While he was looking for books, and the little one was playing with the toys, I was looking at the DVD's. (It's amazing what you can get at the library these days, watch out Redbox!) I was looking for something that my husband would actually watch with me and right before I grabbed Hot Tub Time Machine, I saw them...Spirit of the Marathon and Running the Saraha. SCORE!
At this point I could care less if I had something to snuggle up on the couch and watch with my husband. These are must sees for the running obsessed. I figured I would have to watch parts of them over the weekend when my TV wasn't being over run with sports, PBSkids, or the Wii, BUT and this is a huge BUT, my 2 year old watched Spirit of the Marathon with me! It was his idea too!
Right after dinner, while I was helping clean up the kitchen he said "Mommy, watch running guys." Who am I to say no to such a cute little endurance athlete in the making! So with the dinner dishes everywhere I poured myself another glass of wine (hey it was Friday) and snuggled up on the couch with my Sweet P.
If you haven't seen Spirit of the Marathon it is about 6 runners preparing for The Chicago Marathon, including Deena Castor, Olympic Bronze Medalist and holder of too many records to list here. They also follow first timers and repeat marathoners while giving a history of the marathon.
Nerd Alert!!!! Nerd Alert!!!!
Did you know that the marathon was only 25 miles until the British Royalty stepped in and increased it by 1.2 miles so they could view it from the comfort of their thrones without mingling with the common folk? Well, it's true, the movie said so. My favorite part has more to do with women in sport than the actual people training for the marathon.
Katherine Switzer was the first women to run the Boston Marathon in 1967. She registered under K. Switzer and it wasn't until the actual race did they figure out she was a woman. That guy in the photo is trying to force her off the course. Well, she didn't leave and finished the race. I not only love this story because I am a woman but because I got to teach my 5 year old a lesson about women's equality. He asked why won't they her run? And I told him because men used to think that girls couldn't do what boys can. He looked at me funny, got up, spun around on one foot, turned to me and said "can girls do that?" Dead serious. Mental head slap. "Yes buddy, girls can do that. In fact girls can do anything boys can do (but we do it better)." He looked at me suspiciously, but I know I got the message out there.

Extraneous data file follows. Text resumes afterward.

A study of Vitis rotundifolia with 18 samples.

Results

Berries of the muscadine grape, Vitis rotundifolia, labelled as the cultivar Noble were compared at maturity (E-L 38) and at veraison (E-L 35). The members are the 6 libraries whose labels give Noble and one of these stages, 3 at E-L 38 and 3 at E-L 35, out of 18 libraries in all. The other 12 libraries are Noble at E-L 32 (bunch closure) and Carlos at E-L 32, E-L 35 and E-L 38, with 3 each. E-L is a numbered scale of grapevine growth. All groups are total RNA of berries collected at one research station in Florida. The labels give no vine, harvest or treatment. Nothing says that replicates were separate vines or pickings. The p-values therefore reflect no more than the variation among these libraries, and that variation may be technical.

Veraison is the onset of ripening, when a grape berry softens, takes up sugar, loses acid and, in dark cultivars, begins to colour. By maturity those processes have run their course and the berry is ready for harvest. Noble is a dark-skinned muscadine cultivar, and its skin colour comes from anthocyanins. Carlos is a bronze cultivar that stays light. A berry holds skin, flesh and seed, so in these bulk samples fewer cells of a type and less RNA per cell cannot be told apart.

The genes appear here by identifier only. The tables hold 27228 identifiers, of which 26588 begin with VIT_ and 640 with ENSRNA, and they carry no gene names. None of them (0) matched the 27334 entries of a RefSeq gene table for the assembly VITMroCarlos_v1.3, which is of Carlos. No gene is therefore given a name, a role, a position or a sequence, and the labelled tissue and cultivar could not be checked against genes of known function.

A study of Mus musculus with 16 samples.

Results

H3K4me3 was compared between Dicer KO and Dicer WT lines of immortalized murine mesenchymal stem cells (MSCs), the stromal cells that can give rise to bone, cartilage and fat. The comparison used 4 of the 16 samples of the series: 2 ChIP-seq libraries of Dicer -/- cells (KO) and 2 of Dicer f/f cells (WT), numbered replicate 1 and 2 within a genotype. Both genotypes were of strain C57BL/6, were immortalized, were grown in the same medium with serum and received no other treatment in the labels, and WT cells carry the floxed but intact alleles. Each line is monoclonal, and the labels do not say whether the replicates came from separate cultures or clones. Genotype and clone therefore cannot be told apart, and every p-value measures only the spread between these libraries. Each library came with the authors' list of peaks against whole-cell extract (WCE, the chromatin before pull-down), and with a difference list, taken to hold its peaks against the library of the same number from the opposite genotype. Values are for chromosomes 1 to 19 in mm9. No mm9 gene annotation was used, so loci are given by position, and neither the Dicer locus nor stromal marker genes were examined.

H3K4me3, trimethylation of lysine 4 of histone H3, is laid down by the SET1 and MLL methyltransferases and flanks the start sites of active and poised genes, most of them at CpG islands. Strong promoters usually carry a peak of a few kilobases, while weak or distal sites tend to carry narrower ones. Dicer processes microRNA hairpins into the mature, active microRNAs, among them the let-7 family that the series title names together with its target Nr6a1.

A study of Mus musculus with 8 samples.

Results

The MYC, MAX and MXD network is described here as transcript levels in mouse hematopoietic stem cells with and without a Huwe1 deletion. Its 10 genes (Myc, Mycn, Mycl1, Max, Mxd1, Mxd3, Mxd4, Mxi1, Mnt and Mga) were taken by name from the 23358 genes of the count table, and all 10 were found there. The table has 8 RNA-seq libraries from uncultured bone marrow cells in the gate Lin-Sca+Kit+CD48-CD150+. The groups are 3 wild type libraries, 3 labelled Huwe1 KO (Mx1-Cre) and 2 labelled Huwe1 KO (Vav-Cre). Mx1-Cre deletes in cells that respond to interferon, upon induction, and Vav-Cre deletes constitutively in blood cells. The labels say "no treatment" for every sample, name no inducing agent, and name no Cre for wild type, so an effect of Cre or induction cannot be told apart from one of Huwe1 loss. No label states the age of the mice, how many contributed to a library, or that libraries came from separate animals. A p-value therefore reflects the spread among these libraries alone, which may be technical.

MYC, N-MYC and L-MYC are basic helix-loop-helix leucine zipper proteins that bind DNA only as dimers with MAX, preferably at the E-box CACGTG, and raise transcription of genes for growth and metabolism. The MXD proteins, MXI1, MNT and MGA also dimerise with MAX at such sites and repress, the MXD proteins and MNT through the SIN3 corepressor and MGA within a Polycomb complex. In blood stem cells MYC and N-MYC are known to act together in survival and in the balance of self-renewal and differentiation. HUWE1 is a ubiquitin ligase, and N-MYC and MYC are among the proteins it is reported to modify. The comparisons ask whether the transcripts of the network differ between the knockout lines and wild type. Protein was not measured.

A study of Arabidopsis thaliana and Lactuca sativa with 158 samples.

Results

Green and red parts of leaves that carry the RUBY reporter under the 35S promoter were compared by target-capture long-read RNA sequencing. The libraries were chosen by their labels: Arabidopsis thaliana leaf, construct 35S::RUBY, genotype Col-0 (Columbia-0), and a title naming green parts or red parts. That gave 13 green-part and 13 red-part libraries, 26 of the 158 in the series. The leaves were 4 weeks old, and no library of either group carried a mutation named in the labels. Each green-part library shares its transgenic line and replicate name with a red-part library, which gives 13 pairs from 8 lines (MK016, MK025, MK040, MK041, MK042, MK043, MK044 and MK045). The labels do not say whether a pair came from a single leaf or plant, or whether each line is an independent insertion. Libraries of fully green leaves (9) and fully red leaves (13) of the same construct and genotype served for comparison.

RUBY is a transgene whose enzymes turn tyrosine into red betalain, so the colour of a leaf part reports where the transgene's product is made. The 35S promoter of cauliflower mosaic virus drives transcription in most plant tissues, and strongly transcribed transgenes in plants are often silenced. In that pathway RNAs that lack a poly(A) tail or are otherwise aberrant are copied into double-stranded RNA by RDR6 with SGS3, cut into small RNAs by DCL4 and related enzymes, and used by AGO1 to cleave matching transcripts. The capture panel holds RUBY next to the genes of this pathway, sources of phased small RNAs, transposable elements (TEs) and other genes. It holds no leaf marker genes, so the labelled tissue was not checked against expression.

All in all, I felt motivated and inspired by the athletes in the movie. At times I was even tearing up. Maybe it was the wine, but that movie had me ready to sign up for a marathon. (Even though I have sworn them off until the boys are older.) It had me thinking, I can do this. What a great feeling of accomplishment it will be to complete something like this. Needless to say I was moved.
On the other hand...Running the Sahara, well, lets just say it was a good thing I was drinking. I definitely give the guys props for running for 111 consecutive days, traveling over 4,300 miles. It is no doubt an amazing accomplishment, not only for running that far and for that long, but for what they endured along the run, but Charlie annoyed me. He was such a baby. He acted like he was he tired or something. To save you some time I will give a a brief over view of the movie; three guys run, every day, for 111 days. Oh, and there is sand, lots of sand. Got it? I just saved you two hours of your life.* You're welcome.
*I think it was two hours, I kind of zoned out after a while.